Medicine: Many hope telemedicine will bring better health care at lower cost to rural areas.


PORTLAND, Ore. — In one of the worst winters in the history of North Dakota, where the National Guard is plowing snowy highways piled higher than 18-wheelers, doctors are having no trouble connecting with their patients.

They just sit in front of an interactive TV set, or dial up a computer, and practice telemedicine, the technology that is changing the way health care is managed across rural America.

It made a world of difference to Cindy Gall, whose 3-year-old daughter, Allison, suffers from a congenital heart defect and needed frequent visits to a specialist 100 miles away in Bismarck.

"We made many, many long trips in the dark, in the cold, in the snow, 100 long miles with nothing in between," Gall said.

With two other children, a full-time job and a long-haul trucker husband who is frequently on the road, Gall was exhausted until the doctor in her hometown of Wishek helped bring telemedicine to the community.

Gall now takes her daughter down the street to Dr. Don Kosiak's office. He relays lab work and X-rays by computer and consults via video hookup with the cardiologist in Bismarck.

The promise of telemedicine, its supporters say, is higher-quality health care at lower cost for rural doctors and patients. Much of the savings comes in reduced travel costs for patients and doctors and in elimination of duplicate hospital services.

"We're talking close to $1 million in travel savings last year for us," said Thelma McClosky Armstrong, director of the Eastern Montana Telemedicine Network in Billings.

Some of the technology can be as simple as a standard laptop computer, a modem and a digital camera, said Dr. Douglas Perednia, a dermatologist who is leading a statewide telemedicine project at Oregon Health Sciences University in Portland.

A rural doctor can take a digital picture of a patient with a skin problem, and use the laptop connected to a standard phone line to transmit it to a dermatologist in Portland. The specialist can then simply call the rural physician with the results, saving time, travel and data-line costs in a state with only four dermatologists practicing east of the Cascade Range.

A General Accounting Office report issued Feb. 14 found that 35 federal departments or independent agencies, 10 state governments and numerous private groups have sponsored hundreds of telemedicine initiatives in at least 40 states.

Perednia founded the national Assn. of Telemedicine Service Providers in Portland in January to help hospitals and clinics find the right equipment and companies to set up remote health-care systems.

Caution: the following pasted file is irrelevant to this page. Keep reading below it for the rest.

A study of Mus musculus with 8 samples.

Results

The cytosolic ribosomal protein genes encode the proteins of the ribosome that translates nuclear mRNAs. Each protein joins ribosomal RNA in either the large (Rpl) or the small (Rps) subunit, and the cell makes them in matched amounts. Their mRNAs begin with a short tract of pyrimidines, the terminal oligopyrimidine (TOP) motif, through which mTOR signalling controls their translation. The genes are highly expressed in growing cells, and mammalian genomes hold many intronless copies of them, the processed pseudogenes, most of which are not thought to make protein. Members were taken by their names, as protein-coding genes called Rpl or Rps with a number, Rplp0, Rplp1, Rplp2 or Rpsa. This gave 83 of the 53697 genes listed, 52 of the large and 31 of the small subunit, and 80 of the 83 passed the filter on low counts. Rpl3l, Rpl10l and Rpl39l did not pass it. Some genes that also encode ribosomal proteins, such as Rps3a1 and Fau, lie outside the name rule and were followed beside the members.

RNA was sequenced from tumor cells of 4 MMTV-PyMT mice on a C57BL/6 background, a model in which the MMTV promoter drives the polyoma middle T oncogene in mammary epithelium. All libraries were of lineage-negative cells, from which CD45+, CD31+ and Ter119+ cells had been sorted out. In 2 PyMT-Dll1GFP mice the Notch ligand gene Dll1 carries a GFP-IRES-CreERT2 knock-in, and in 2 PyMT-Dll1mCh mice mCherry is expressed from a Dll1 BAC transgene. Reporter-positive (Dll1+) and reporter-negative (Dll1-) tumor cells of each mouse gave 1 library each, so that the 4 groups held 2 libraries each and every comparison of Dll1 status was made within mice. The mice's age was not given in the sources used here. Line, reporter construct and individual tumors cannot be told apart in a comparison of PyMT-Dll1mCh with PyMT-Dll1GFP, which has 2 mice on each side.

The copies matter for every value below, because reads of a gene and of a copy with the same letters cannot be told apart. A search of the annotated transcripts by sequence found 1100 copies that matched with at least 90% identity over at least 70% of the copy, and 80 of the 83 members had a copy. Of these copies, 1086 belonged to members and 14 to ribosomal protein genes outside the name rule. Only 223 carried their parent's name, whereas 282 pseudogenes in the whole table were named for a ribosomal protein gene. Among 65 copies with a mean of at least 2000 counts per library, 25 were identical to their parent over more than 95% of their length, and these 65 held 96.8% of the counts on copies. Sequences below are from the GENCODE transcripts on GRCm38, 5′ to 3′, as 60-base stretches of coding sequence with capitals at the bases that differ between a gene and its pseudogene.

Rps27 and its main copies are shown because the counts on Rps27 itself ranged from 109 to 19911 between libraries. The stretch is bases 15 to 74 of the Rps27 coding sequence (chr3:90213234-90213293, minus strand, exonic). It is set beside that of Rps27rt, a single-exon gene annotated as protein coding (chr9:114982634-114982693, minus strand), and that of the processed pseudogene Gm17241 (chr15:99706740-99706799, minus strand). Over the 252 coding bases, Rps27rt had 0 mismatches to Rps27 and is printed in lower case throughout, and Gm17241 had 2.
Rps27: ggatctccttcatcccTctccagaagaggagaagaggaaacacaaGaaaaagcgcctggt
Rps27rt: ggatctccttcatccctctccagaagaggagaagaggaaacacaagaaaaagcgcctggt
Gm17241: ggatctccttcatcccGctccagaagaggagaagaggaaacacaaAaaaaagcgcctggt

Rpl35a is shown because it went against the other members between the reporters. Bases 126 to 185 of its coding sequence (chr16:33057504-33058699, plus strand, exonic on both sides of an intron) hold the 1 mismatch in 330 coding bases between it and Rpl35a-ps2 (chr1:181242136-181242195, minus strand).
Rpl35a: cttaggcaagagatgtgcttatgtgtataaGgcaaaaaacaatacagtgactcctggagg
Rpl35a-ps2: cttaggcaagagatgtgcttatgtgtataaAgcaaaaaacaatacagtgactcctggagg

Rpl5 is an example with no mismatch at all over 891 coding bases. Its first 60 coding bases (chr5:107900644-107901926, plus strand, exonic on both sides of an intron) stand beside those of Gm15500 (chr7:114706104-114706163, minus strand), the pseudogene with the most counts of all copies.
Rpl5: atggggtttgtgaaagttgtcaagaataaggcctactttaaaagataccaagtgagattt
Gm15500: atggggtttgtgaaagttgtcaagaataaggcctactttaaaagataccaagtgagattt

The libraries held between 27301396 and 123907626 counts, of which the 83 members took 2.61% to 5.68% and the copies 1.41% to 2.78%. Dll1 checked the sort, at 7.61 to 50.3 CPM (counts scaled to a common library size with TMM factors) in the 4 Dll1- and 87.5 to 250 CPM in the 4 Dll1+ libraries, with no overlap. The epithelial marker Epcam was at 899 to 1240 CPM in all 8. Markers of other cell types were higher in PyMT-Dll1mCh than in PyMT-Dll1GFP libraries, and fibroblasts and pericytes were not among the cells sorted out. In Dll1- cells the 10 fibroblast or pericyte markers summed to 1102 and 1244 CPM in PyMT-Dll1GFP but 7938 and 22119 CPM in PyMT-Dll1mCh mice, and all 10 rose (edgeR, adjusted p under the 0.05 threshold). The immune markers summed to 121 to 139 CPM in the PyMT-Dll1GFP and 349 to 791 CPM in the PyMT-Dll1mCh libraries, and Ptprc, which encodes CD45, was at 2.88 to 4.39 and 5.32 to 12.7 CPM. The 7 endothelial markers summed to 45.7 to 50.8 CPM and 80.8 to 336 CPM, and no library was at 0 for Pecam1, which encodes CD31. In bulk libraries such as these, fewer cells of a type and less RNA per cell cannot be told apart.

"There's no coordination right now," Perednia said. "A very simple place to start is consent forms. There are no standard consent forms for telemedicine."

The main obstacles are paying for costly telephone data lines, finding the computer equipment best suited to telemedicine, establishing interstate medical license requirements and establishing fees for electronic consultations.

McClosky Armstrong said local high-speed telephone data service costs $200 a month in Billings, but it costs $1,900 a month to connect to Miles City, 120 miles away.

The costs add up for a service area that is bigger than the state of Pennsylvania, and it is very costly for telecommunications companies to set up infrastructure with few customers to pay the bills.

Dr. Jim Logan was on the leading edge of telemedicine as chief of medical operations for NASA during the 1980s. He now is a consultant in his native Oklahoma, where he spends much of his time advising doctors and hospitals on getting the most for their technology budgets.

He predicts that many large hospitals will become dinosaurs unless they learn to use telemedicine to export their services and expertise efficiently and inexpensively.

He noted that rural doctors in South Dakota have begun using a group of radiology specialists in Lincoln, Neb., to read X-rays because it's more cost-efficient than sending patients to a local hospital.

"Telecommunications is to large medical facilities what gunpowder was to medieval fortifications," Logan said.

Sens. Ron Wyden (D-Ore.) and Kent Conrad (D-N.D.) have introduced bills to promote telemedicine.

Wyden's bill would set minimum requirements for Internet access for health-care providers in rural areas, and Conrad's bill asks the secretary of Health and Human Services to study licensing and make a recommendation.

Both bills would require Medicare reimbursement for telemedicine consultations by a specialist, which most doctors have been providing free--a practice they say they cannot continue as demand grows.

"Medicare already pays for these consultations if they're in person," Conrad said. "Why not pay for them over the air so you can save people from traveling 100 to 200 miles? It only makes sense."